Day 1 :
Southern IML Pathology Laboratory, Australia
Time : 09:35-10:15
Bryan Knight was trained at the Godfrey Huggins School of Medicine and was qualified in Pathology and has obtained his PhD at the University of Cape Town. He has practiced in Cape Town for 20 years and was a Lecturer at UCT and Director of the Yvonne Parffitt Cytology Laboratory. He has also worked in Canada, where he was Associate Professor of Pathology in Edmonton, Alberta, then Laboratory Director at the BC Cancer Agency in Vancouver.
The Australian National Cervical Cancer Screening Program commenced in 1982 and has reduced the incidence of cervical cancer from 20 per 100,000 women to 9 per 100,000 in 2010. The rate of reduction of cancers has leveled off and remained relatively unchanged since 2010. In 2007, a National HPV Vaccine program for girls and young women was commenced and in 2009 it became school based and expanded to include boys. Up-take of the quadrivalent vaccine is in the region of 85% and the incidence of HPV-related high-grade lesions has fallen in the vaccinated population. There has been a reduction in prevalence of high-grade lesions in older unvaccinated women, suggesting a herd-immunity effect. With the reduced incidence of cervical lesions, detection of abnormal smears on conventional Papanicolaou smears will become more difficult. In the HPV vaccine era, a more sensitive and specific test with a high negative predictive value is needed, predicating a change to HPV DNA testing. Numerous studies have shown that HPV DNA testing with partial genotyping confers the most cost-effective and effective means of population based cervical screening. The Renewed Cervical Screening Program commences in December 2017. Implementation of a new National Cancer Screening Register will change the way women are invited to screening or recalled for follow-up and will reduce under-screening. A new initiative to screen woman who for cultural or other reasons have not been screened, will enhance the efficacy of the program. A further reduction of the incidence of cervical cancer in Australia is anticipated.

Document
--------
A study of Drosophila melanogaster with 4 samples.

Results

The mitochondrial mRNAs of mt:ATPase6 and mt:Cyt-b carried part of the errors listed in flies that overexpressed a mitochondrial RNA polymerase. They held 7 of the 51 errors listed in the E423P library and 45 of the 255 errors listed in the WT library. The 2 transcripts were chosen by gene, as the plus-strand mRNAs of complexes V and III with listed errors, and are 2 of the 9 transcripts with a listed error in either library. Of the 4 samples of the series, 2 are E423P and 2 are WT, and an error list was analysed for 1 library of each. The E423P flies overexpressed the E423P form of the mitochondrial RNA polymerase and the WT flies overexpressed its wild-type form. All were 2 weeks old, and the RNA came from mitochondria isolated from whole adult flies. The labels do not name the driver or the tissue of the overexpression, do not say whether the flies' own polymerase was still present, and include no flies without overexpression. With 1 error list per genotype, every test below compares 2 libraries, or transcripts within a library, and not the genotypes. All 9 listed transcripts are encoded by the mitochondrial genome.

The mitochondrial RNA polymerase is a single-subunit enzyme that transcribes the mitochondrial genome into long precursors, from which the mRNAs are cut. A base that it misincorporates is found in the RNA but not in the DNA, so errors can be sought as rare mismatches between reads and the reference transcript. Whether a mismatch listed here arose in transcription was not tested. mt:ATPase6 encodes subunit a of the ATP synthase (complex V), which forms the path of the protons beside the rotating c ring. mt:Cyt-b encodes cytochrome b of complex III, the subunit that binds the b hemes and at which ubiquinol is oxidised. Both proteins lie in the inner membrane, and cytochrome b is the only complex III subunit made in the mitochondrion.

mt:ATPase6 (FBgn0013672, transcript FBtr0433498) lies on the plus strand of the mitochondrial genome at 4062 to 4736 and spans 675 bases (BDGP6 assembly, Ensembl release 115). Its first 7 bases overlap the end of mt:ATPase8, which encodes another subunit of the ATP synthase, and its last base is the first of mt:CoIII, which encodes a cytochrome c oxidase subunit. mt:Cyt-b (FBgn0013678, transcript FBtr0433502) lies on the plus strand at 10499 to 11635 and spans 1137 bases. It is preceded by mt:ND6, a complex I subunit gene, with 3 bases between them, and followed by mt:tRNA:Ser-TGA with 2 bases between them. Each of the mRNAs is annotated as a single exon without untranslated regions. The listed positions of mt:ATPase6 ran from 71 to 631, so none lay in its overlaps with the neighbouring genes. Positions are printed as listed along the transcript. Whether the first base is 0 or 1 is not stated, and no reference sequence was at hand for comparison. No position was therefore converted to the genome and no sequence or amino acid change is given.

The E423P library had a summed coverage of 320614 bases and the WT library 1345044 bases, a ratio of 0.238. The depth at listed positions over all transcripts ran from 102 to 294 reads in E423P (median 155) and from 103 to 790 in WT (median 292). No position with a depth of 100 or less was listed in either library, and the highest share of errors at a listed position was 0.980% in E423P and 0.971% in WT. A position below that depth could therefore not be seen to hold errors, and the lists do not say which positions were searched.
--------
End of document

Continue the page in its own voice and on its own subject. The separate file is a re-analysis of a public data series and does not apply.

Loyola University Chicago, USA
Keynote: Harnessing the power of molecular diagnostics in pathology practice; lessons from the world of leukemia
Time : 10:15-10:55
Kamran Muhammad Mirza has completed his MBBS from the Aga Khan University in Karachi, Pakistan and PhD from University of Illinois in Chicago, IL. He was trained in Combined Anatomic and Clinical Pathology with Fellowships in Hematopathology, Thoracic Pathology and Medical Education at the University of Chicago. He is an Assistant Professor of Pathology and Medical Director of Molecular Pathology at Loyola University Chicago Stritch School of Medicine in Maywood, IL. He is the recipient of numerous pathologist-in-training awards, teacher-of-the year awards and honors such as induction into the Alpha Omega Alpha honor society and selection into American Society for Clinical Pathology's 40 Under Forty 2017.
Molecular diagnostics and personalized medicine is revolutionizing the way we approach medicine and treatment of disease. Hematopathology was one of the first of the pathology subspecialties to welcome molecular classification into its classification scheme when it introduced the WHO classification in 2001. Since then, the validity and importance of molecular data has increased million folds and continues to increase every day. As pathologists, we need to harness and embrace the power of molecular pathology in our daily practice and hematopathology has led the way. This lecture serves as a historical overview from the discovery of the t(9;22) in CML and the inclusion of the "AMLs with recurrent cytogenetic abnormalities" and how the classification scheme has evolved from WHO 2001, to 2008 and now to 2016. This lecture serve to update the audience on the changes in the WHO 2016 update to leukemia diagnosis in the WHO classification, discuss next generation sequencing and where its utility stands in the diagnosis of leukemia and the future of the field.